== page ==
Friday, August 24, 2012

The Scarcity of True Ministers: William Perkins

All men are flesh and blood. In that respect they must be allured and won to embrace this vocation by the kind of arguments which may well persuade flesh and blood. The world has had a careless attitude about this in every age. Consequently in the law. God gave careful instructions for the maintenance of the Levites (Num. 18:26). But especially now, under the gospel, the ministerial calling is poorly provided for, even although it deserves to be rewarded most of all. Certainly it would be an honourable Christian policy to make at least good provision for this calling, so that men of the worthiest gifts might be won for it.
The lack of such provision is the reason why so many young men with unusual ability and great prospects turn to other vocations, especially law. That is where most of the sharpest minds in our nation are employed. Why? Because in legal practice they have all the means for their advance, whereas the ministry, generally speaking, yields nothing but a clear road to poverty.
This is a great blemish on our church. I wish it were not true that the Roman Catholics, those children of this world, are wiser (in this particular area), than the church of God. Reformation here is a work worth the labour of both prince and people.
Unless special attention is given to this matter, it will be left unreformed. No doubt, in the Old Testament period, if God Himself had not given direct orders for the material support of the Levites, they would have suffered the same privation as the ministry does today. These considerations, taken together, produce an infallible argument. For who will accept such vile contempt and such a weighty responsibility for no reward? But where there is so much contempt and such a heavy burden, yet such a poor reward, is it any wonder that a good minister is 'one in a thousand"?
The notion of the allure of the calling of the lawyer drew this to my mind.  I address it with some ambivalence.  Certainly, the church would not want those solely enticed by financial considerations to enter into the gospel ministry.  Would we want a pastor who chose the ministry over the law solely due to salary?  Certainly not.  However, we must acknowledge that no decision normally stems from a single consideration.  Consider a man with a family who could not afford to enter the diminished remuneration of the ministry and fulfill his biblical obligation to provide for his family.  To the contrary, how many selfish and indolent sons have entered the ministry thinking it a safe and easy income?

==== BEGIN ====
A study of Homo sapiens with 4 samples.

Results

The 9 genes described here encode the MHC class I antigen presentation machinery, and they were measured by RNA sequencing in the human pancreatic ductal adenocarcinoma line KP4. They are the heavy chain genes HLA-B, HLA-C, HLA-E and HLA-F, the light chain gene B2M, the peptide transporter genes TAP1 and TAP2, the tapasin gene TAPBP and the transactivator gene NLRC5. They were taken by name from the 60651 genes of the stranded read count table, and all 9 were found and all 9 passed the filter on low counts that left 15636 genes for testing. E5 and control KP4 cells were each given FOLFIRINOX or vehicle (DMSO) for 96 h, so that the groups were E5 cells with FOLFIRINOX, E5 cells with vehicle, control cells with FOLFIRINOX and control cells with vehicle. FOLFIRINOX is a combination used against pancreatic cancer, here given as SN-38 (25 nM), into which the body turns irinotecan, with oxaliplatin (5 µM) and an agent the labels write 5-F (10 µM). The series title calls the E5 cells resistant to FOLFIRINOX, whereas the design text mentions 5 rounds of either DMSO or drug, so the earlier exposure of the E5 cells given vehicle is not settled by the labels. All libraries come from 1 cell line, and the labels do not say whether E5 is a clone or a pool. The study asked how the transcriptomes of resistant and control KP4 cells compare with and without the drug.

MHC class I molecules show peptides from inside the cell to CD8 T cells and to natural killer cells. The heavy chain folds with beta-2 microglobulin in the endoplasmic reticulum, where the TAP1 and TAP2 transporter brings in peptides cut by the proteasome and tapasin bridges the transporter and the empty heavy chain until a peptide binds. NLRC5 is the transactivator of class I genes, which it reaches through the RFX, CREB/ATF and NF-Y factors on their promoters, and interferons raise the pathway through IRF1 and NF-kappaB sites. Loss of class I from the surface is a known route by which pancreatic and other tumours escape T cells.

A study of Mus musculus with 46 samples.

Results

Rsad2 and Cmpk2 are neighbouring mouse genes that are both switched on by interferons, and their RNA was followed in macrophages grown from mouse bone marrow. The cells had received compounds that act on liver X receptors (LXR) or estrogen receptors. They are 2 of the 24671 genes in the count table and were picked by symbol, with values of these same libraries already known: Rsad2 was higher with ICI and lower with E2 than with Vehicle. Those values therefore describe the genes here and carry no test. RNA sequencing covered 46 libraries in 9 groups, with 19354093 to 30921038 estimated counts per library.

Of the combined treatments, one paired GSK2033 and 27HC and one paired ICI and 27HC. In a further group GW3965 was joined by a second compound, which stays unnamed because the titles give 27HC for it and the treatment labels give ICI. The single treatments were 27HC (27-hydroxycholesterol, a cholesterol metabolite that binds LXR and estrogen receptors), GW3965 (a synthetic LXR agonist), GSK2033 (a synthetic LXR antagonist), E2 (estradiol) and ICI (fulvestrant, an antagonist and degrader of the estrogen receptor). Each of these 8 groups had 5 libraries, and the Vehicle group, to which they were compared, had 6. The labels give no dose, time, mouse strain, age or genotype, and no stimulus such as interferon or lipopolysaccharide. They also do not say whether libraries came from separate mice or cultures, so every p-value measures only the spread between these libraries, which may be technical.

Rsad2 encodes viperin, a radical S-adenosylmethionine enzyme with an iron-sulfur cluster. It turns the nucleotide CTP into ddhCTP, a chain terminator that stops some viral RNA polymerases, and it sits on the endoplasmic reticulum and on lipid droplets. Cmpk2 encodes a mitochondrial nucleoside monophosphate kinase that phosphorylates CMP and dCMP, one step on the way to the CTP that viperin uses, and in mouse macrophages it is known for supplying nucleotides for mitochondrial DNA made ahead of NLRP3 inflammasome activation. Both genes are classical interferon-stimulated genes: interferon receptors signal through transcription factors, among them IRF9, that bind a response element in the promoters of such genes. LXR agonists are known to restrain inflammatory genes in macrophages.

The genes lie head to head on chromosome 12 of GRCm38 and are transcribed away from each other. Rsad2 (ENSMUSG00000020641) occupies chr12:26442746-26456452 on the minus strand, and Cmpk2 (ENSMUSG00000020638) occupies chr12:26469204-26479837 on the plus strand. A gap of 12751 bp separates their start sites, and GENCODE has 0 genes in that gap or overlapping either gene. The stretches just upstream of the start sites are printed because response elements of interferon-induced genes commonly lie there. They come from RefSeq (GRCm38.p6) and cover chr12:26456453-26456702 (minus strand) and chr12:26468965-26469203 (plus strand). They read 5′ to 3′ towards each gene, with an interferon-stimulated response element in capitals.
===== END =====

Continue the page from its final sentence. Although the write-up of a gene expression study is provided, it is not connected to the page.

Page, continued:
Laying aside for the moment the financial situation, Perkins reminds us of the perennial struggle of the church: few true ministers, low income to true ministers, and poor ministerial candidates.  Perhaps a better approach than fiscal concerns would be to engage in a concerted program of "cherry picking" ministerial candidates.  Instead of laying hands on any due to the dearth of available manpower, we might begin looking at a younger age to encourage those adept at serious study and clear communication to consider the ministerial vocation.  Those planning to seek the legal profession might consider profitably applying their gifts to the ministerial vocation. (in another place, I shall discuss the priority of legal or ministerial need, since both evidence a dearth of competent members)

The church normally exercises its responsibility to support and validate a persons call after they possess an inkling of their calling.  Customarily, the individual's inward call of the Holy Spirit precedes the church's recognition and outward calling.  What if the church alerts men to the fact that their gifts make them qualified for the ministerial vocation?  This might make some susceptible to entering the ministry doe to peer pressure, ignoring the absence of the inward call.  Careful shepherding should prevent this particular evil.

The scarcity of true ministers demands the concerted effort of the church to remedy the deficit.  Mere financial adjustments produce more dangers than it alleviates.  Instead, we must adopt a multifaceted approach that provides the church with true ministers.  As Perkins indicates, it takes a special gifting to succeed in a vocation filled with "so much contempt and such a heavy burden."  It demands intellectual rigor, stamina, character, persistence, compassion, and patience.  Every true minister faces the scorn of the world and the burden of the sheep.  Therefor, it does not shock us that so few become true ministers.  The scarcity of true ministers (according to my favorite economist) elevates their value and as such, requires that we treat them appropriately.  Thus, I end with these instructive words from Perkins.
Do you have a godly pastor? Confer with him. Go to him for comfort and counsel; profit from his company, sit under his ministry frequently; count him worthy of 'double honour' (I Tim. 5:17). Never imagine that it is a small or commonplace blessing to have 'one of a thousand'. Thank God for giving this mercy to you, which he has denied to so many others. For some have no minister while others have a minister, who, alas, is not 'one of a thousand'.